EU agrees in principle on visa-free travel for Ukrainians
Ireland and UK exempt from allowing Ukrainian nationals to visit without visa
Petro Poroshenko with European Council president Donald Tusk on Thursday: The Ukrainian president described a trade agreement with the EU as “a symbol of the fight of our country for our European future”. Photograph: EPA/Stephanie Lecocq
The European Union has agreed to accelerate visa liberalisation for Ukrainian citizens at a summit, but it urged the country to continue reform measures in order to tackle corruption.
Thursday’s Brussels summit took place against a background of growing concern in Kiev about Russia’s role in the region following the election of Donald Trump. It was attended by Ukrainian president Petro Poroshenko, who urged his EU partners to follow through on their promise of visa-free travel for Ukraine’s citizens.
Member states have in principle agreed to offer Ukraine visa-free travel to the EU for 90 days of a 180-day period, but the issue has been held up in the EU legislative system as negotiations continue between the European Council and Parliament.
Ireland and Britain will not be subject to the new regime, and will continue to apply their own national legislation to Ukrainian nationals looking to visit either country.
European Council president Donald Tusk said he was confident the issue could be resolved by the end of the year, stressing that its delay was down to internal EU matters rather than any fault on the part of Ukraine.
Mr Tusk also denied reports that France wanted to block the agreement amid concerns that granting 40 million Ukrainian citizens visa-free access to the EU would be politically unpalatable ahead of next year’s French presidential election.
“I am happy that all EU member states decided that Ukraine is ready for a visa-free regime,” he said at a post-summit press conference alongside Mr Poroshenko and European Commission president Jean-Claude Juncker.
“This decision is a recognition of Ukraine’s agreement in meeting European standards . . . We highly appreciate the efforts of the Ukrainian government in implementing broad-scaled reforms in extremely difficult circumstances.”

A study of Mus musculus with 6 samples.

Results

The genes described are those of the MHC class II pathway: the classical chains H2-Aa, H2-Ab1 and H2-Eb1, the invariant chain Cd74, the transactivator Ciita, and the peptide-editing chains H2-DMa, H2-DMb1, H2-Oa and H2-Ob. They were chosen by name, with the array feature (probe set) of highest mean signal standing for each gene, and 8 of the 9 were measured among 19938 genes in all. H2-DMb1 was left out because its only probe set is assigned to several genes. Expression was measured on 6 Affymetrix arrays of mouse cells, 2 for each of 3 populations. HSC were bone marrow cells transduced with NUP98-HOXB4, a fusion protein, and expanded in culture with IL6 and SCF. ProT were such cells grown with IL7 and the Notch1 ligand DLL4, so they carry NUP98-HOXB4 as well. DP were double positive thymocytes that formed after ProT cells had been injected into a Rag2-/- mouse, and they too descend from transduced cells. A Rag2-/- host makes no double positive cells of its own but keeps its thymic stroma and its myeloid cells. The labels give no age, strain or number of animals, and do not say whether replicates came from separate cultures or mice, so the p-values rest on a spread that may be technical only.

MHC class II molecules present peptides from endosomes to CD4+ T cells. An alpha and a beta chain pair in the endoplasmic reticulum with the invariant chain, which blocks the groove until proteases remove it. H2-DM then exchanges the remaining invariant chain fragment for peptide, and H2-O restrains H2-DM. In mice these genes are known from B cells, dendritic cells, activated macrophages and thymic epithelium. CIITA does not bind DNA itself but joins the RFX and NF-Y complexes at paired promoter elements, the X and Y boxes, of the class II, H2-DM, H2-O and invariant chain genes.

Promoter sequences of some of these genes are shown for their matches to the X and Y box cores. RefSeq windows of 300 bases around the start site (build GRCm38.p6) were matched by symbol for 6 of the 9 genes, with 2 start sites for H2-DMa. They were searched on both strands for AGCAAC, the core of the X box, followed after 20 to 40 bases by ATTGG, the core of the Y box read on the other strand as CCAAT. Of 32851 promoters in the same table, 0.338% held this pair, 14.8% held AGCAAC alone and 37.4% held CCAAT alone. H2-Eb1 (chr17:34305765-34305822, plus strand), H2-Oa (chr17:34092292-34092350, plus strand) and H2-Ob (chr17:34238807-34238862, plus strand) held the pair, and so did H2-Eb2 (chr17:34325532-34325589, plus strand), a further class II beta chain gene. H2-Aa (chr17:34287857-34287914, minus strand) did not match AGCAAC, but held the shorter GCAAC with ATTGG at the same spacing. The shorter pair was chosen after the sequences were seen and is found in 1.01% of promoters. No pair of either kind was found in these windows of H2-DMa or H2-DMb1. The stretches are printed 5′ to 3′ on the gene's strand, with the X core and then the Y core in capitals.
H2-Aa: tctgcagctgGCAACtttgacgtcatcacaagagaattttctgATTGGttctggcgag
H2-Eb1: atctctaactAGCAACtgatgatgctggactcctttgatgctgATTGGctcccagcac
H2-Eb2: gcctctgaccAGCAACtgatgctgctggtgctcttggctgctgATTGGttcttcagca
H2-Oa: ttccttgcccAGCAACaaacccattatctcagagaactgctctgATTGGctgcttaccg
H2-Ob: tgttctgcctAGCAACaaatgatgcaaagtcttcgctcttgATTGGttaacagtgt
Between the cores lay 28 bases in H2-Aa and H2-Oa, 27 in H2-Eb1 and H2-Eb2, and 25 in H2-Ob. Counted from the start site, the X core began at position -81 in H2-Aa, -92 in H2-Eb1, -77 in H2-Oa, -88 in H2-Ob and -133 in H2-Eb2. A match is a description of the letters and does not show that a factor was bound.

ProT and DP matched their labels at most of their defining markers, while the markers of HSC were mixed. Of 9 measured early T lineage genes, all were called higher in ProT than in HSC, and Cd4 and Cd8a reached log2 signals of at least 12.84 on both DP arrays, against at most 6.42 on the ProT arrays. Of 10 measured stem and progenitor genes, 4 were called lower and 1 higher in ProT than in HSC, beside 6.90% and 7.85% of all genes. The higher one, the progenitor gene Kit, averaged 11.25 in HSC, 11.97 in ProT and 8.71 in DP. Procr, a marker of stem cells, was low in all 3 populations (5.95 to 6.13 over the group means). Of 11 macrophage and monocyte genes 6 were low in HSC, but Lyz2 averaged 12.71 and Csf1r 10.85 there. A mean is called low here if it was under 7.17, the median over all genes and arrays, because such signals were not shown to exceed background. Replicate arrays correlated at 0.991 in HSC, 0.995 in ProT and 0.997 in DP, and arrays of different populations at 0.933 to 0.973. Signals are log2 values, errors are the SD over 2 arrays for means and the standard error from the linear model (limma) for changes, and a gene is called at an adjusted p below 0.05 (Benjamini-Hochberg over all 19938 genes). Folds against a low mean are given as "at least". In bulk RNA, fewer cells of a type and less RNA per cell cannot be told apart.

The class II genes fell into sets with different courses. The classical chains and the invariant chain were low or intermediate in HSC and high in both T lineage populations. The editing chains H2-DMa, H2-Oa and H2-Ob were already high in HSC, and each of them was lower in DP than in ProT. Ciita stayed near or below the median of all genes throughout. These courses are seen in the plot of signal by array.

Mr Poroshenko said Ukraine remained as committed to Europe as ever, and had met the 144 conditions set out by the EU for visa liberalisation.
“We would like to have full assurances that the visa liberalisation regime will be provided to Ukraine immediately after the institutional negotiations have taken place,” he said.
Relations between Brussels and Kiev have also been complicated by the recent referendum in the Netherlands, which resulted in Dutch voters blocking an EU-Ukraine trade pact.
While the trade agreement has been applied provisionally, Dutch prime minister Mark Rutte is trying to secure a number of assurances before next month’s EU summit that would allow the parliament to ratify the agreement. This may include a commitment not to sanction EU membership for Ukraine or give further financial assistance to Kiev.
Mr Tusk said he was confident a compromise could be reached before the summit in Brussels.
Referencing the fact that the Maidan protests in Kiev three years ago were sparked by the decision of the then Ukrainian government not to sign the trade agreement, Mr Poroshenko described the trade pact as “a symbol of new Ukraine, a symbol of the fight of our country for our European future”.
Despite frustration in Brussels at the rate of reforms in Ukraine and recent evidence of corruption, a mini-summit of EU leaders, convened last week in Berlin to coincide with the visit of US president Barack Obama, confirmed that the EU would maintain sanctions against Russia and demand that Moscow meet the terms of the Minsk agreement.
The Russian sanctions are up for renewal in January, with a decision likely to be formally taken at the EU summit on December 15th-16th.
Mr Poroshenko said he had spoken to Mr Trump in recent days and was confident that US policy towards Ukraine would not change with the incoming administration.
The president-elect has publicly voiced his admiration for Russian president Vladimir Putin, sparking fears in former Soviet countries of a shift in US foreign policy towards Moscow.